The housemate is feeling better as the heat lessens for a day or os. The dog had a choking fit. Dog feeling better but my nerves are shredded.
And I have beeen learning to Twitter, to tweet and retweet.
So I can now trim or clip urls and manage to sound incoherent in 140 characters or less. Following Maud Newton, Margaret Atwood, Neil Gaiman and Stephen Fry who tell me each moving and thrilling event of the hour on the hour as they lead their utterly public and unbelievable lives. I must also set up a Tumblir account or Flickr around a teeny bit to get more platform for my presence. Put all my FB acquaintances on hold while I move on upward in social media nowness.
And I need to get more epigrammatic. Sell myself to the world in 140 characters, be pithy and witty and concise. Not doable. Sandmonkey on Twitter keeping me tweeted on Egypt and somebody else has just tweeted about Libya. According to another cryptic tweet, I am about to be published in an e-book anthology unless the e-poublisher comes to his senses and decides to earn a decent living.
No time to drink. No desire to drink. Social media has eaten my soul. So far I have 300 followers, none of whom are showing any interest in getting to know me as a valuable network connection online. They are all following other Twitterers whom I am following because they follow someone who is probably not worth following. Is there life after Twitter or are we doomed to sit gossiping about celebs in Etherland forever?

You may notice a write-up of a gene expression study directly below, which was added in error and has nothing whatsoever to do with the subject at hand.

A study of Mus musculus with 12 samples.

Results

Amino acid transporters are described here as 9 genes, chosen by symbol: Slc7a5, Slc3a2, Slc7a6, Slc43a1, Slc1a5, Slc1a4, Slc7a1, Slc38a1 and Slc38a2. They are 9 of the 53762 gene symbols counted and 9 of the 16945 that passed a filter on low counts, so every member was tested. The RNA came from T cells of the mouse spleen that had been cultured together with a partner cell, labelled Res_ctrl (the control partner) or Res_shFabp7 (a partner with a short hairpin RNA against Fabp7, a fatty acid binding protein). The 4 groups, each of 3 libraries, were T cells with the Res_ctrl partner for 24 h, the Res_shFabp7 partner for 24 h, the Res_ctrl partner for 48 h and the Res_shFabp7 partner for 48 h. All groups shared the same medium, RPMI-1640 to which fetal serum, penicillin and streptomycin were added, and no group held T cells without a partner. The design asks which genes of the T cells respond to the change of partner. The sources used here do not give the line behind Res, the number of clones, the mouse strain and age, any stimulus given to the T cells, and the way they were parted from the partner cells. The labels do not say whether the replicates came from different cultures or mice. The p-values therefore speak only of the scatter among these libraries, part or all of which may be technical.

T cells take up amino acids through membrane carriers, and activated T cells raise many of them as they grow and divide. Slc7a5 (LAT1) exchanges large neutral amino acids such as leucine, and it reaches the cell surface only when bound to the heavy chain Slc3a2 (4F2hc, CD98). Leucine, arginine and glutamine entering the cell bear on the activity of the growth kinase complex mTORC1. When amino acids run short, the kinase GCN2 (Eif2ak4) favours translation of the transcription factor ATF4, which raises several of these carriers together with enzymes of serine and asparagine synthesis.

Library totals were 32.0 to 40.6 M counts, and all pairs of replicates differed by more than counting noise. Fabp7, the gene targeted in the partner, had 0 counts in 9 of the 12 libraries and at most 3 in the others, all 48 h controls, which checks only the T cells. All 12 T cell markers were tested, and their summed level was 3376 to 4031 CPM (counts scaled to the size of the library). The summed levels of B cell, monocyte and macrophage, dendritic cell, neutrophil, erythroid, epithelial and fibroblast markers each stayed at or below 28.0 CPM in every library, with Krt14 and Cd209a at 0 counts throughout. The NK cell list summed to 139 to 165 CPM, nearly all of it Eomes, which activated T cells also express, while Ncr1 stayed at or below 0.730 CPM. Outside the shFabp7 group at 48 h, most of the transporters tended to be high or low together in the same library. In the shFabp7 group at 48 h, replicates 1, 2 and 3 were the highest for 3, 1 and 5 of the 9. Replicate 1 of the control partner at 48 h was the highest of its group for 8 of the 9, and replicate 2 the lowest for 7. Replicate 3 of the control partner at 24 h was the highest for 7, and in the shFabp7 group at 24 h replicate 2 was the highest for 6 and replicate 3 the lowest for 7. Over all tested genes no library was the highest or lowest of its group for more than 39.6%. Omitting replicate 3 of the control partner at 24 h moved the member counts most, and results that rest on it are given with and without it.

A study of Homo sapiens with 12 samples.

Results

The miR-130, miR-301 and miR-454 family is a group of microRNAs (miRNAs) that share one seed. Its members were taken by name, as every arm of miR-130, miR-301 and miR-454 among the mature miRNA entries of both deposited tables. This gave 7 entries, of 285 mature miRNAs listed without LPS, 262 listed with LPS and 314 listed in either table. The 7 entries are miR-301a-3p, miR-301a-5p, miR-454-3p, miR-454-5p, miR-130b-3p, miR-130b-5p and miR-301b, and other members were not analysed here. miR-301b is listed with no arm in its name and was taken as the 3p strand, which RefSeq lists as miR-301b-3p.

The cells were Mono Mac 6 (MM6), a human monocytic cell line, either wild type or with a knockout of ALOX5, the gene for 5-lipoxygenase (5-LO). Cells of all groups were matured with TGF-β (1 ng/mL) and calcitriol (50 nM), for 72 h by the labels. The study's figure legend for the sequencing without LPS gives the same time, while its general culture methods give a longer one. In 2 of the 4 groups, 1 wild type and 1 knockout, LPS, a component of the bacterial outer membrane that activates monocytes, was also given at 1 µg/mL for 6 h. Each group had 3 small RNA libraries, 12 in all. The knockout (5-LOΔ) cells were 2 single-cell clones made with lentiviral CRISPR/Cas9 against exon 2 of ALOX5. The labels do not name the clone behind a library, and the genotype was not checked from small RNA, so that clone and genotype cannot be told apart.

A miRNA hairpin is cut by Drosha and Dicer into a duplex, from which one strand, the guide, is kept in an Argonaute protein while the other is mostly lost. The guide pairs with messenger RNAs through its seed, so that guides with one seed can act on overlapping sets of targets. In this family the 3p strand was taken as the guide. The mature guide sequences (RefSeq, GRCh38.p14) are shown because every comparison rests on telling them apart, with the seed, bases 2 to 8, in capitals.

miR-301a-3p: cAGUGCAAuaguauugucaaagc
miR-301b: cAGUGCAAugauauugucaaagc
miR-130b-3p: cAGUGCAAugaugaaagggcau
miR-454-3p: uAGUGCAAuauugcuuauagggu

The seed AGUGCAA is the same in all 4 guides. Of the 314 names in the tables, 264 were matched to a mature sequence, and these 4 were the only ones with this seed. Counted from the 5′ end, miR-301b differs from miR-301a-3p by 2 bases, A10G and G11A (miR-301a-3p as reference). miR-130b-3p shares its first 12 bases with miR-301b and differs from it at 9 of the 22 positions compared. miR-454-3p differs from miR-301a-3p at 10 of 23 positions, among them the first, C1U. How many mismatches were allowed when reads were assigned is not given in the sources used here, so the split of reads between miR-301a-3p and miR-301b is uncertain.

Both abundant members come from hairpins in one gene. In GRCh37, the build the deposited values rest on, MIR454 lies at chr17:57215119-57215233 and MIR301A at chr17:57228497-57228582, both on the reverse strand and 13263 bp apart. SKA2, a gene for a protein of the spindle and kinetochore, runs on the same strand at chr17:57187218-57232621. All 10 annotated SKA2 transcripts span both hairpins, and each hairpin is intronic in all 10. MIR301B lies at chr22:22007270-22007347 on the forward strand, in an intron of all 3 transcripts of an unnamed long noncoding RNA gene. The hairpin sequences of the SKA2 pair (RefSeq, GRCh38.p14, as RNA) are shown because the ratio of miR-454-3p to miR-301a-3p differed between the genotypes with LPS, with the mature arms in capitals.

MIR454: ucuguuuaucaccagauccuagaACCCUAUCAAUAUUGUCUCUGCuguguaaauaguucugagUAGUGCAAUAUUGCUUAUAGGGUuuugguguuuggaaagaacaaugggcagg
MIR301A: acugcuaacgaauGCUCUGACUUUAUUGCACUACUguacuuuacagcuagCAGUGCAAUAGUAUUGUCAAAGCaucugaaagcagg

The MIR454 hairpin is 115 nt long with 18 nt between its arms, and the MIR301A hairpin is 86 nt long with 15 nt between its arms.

In my next life I want to become a round-the-world lone sailor. Reid Stowe sailed around the world for three years and came back to find nobody understood what he had been through.
Moitessier would understand. Moitessier, a great inspiration to Reid as a young man, was competing in a race around the world called the Golden Globe in 1968, and he was well in the lead when he decided to change course and simply keep sailing. He explained this in a note, which he flung by slingshot onto the deck of a passing ship, that read in part: “I am continuing non-stop because I am happy at sea, and perhaps because I want to save my soul.” He later wrote that, looking back on his decision, he only regretted the inclusion in the note of the word “perhaps.”
And even alcoholic losers do get remembered from time to time. The English writer and alcoholic Patrick Hamilton has had a blue Heritage plaque put up to him in Chiswick. Hamilton might have been a truly great writer if he had sobered up and given himself a little longer to write. Always that sense of waste and loss I feel when thinking about creative minds ruined by alcoholism.
He was the laureate of the shabby centre of London, the out-of-the-way corners of Fitzrovia or Earls Court where dipsomaniacs fritter their lives away, trying to pick up barmaids or whores, and failing as miserably in that enterprise as they do in everything else.